Why the Deaf, Dumb, Blind Kid Can't Keep Winning Forever

How could a deaf, dumb and blind kid play a mean pinball? I have always found The Who's 1969 classic frustrating: the poor kid can't see or hear, and yet he is blessed with a compensatory talent for... pinball?  Couldn't they have given Tommy a more believable talent, like, say, truffle-sniffing?  The very strangeness of the song always made me think it must represent something important, but what? Well, after reading a recent newspaper article, I have figured the song's meaning out. Pinball Wizard is about index funds.

The article that enlightened me was touting the benefits of passive investing. It cited a study showing that in 2010, 65 percent of actively-managed large-cap funds were beaten by the S&P 500 Index ETF, commonly known as the "Spyder." Other studies have shown similar results-after expenses, index funds have beaten more than two-thirds of their peer active funds over the previous 10 years. The index fund managers had superior average performance without using their ears to listen to earnings calls, their mouths to ask questions of corporate management or their eyes to read research reports.  Turns out that on Wall Street, the deaf, dumb, blind kid really can play a mean pinball. 

How do you think they do it?  What makes them so good? Unlike Tommy's strange prowess with the silver ball, the theory behind index funds' superior performance is straightforward: they are what economists call "free-riders." Thanks to the legions of analysts grinding through accounting footnotes late into the night, the passive index investors can assume that all available public information is quickly baked into the stock price without their help, and therefore they don't need to burden themselves with complicated things like earnings forecasts and cash flows.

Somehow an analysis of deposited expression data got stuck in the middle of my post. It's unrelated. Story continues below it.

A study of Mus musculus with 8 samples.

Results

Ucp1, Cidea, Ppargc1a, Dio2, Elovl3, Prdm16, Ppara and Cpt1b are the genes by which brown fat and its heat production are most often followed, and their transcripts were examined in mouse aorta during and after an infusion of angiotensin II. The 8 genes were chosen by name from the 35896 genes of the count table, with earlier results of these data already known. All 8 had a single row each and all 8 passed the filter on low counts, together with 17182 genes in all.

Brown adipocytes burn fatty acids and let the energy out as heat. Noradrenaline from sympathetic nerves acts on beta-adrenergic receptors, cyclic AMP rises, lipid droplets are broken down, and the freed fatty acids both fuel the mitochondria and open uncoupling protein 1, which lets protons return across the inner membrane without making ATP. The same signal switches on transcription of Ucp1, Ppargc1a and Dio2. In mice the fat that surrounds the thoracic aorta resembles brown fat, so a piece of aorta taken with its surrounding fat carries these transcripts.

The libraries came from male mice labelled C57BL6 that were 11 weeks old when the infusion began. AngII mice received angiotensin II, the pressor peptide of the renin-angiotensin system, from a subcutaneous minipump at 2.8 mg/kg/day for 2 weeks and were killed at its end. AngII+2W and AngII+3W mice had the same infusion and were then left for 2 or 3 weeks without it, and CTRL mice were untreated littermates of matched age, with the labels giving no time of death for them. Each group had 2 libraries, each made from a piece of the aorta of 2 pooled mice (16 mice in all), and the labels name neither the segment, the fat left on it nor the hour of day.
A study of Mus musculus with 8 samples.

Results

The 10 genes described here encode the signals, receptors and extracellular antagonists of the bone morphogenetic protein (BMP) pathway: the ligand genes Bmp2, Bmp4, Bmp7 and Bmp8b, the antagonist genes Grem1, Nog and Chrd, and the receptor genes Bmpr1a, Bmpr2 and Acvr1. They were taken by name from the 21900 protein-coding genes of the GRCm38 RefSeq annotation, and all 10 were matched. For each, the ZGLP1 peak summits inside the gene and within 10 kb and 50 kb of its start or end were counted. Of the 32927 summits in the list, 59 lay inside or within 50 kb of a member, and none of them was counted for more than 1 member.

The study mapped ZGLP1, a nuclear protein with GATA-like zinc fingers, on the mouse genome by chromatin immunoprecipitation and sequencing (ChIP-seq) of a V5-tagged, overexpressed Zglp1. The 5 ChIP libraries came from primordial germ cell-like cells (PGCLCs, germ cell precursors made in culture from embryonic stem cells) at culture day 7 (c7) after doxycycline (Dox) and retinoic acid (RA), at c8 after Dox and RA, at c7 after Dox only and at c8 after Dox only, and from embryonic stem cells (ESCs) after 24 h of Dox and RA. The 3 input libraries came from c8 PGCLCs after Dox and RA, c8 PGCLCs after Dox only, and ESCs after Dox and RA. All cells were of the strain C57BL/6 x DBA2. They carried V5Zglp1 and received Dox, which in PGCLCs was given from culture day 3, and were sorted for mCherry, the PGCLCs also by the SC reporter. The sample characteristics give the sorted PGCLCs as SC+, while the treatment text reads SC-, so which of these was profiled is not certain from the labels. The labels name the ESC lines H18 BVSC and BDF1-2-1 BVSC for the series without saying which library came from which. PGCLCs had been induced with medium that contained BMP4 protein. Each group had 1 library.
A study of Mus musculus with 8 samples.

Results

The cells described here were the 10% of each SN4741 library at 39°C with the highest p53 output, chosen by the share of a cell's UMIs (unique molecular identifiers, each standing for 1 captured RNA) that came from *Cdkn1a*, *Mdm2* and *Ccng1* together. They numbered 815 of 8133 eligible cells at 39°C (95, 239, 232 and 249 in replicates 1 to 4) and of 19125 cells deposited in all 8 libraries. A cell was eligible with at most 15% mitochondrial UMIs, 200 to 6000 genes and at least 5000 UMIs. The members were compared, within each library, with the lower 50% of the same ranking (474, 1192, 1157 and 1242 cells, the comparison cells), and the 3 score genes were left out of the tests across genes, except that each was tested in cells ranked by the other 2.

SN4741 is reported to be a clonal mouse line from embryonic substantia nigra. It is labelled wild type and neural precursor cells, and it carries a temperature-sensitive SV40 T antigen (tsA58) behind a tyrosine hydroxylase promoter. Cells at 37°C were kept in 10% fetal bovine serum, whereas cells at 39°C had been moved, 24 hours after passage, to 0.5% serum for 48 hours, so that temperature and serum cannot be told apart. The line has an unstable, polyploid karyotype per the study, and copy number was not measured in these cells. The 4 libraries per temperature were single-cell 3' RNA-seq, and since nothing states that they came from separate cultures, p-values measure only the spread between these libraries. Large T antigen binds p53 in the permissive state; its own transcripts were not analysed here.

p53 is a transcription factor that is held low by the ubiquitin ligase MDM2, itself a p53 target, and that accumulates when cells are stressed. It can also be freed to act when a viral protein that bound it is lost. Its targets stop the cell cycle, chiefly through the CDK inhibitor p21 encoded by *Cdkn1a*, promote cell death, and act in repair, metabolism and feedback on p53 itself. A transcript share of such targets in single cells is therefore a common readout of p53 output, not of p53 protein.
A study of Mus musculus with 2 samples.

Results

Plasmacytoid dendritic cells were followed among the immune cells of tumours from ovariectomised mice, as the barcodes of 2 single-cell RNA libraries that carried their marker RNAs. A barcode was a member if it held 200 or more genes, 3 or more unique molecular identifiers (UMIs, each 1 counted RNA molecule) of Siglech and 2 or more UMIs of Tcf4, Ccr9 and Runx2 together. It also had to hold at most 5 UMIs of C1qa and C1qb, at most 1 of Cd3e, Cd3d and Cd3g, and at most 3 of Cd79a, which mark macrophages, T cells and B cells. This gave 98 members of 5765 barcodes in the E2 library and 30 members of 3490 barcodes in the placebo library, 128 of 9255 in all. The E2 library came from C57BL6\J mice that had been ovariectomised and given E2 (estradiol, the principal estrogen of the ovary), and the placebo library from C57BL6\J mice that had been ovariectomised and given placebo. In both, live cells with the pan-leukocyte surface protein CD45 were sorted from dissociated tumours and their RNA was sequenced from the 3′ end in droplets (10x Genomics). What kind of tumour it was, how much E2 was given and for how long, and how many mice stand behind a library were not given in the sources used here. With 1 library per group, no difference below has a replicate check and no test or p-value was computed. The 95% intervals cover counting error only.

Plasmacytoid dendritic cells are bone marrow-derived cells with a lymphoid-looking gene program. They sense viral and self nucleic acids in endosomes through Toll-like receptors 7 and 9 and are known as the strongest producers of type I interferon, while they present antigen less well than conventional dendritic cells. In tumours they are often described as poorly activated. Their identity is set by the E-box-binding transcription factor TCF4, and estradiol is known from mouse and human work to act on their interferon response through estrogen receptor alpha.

They base their businesses on the concept of market efficiency, which states that the investing pinball will ricochet in such unpredictable ways that playing without even looking is as valid a strategy as trying to predict the ball's path. And that means that passive investors can focus on keeping their operating and transaction costs low. Like the pinball wizard, they ain't got no distractions, don't care about no opening bells, don't see no news a'flashin', don't need to buy or sell.

Investors have bought in. It's been almost 40 years since Burton Malkiel began preaching that index funds were a logical choice in a world of efficient markets, but in the past three years their growth has gone through the roof. According to a Tabb Group study, in 2007, only 21 percent of managed long-only U.S. Equity assets were in passive funds. In just three years, Tabb estimates that this percentage more than doubled, climbing to 44 percent in 2010. 

There are a lot of explanations as to what caused the surge in passive investing. The popularity of ETFs is often cited as one of the prime suspects, and the numbers do somewhat back this notion up, with ETF assets having crossed the trillion dollar mark last year after their 18th consecutive year of market share growth.

Another explanation is that the 2008 credit crisis changed investor psychology. After investors witnessed almost all stocks plummet in unison, they concluded that exposure to stocks in general, or "beta" as professionals call it, is a far more important driver of returns than individual stock picking.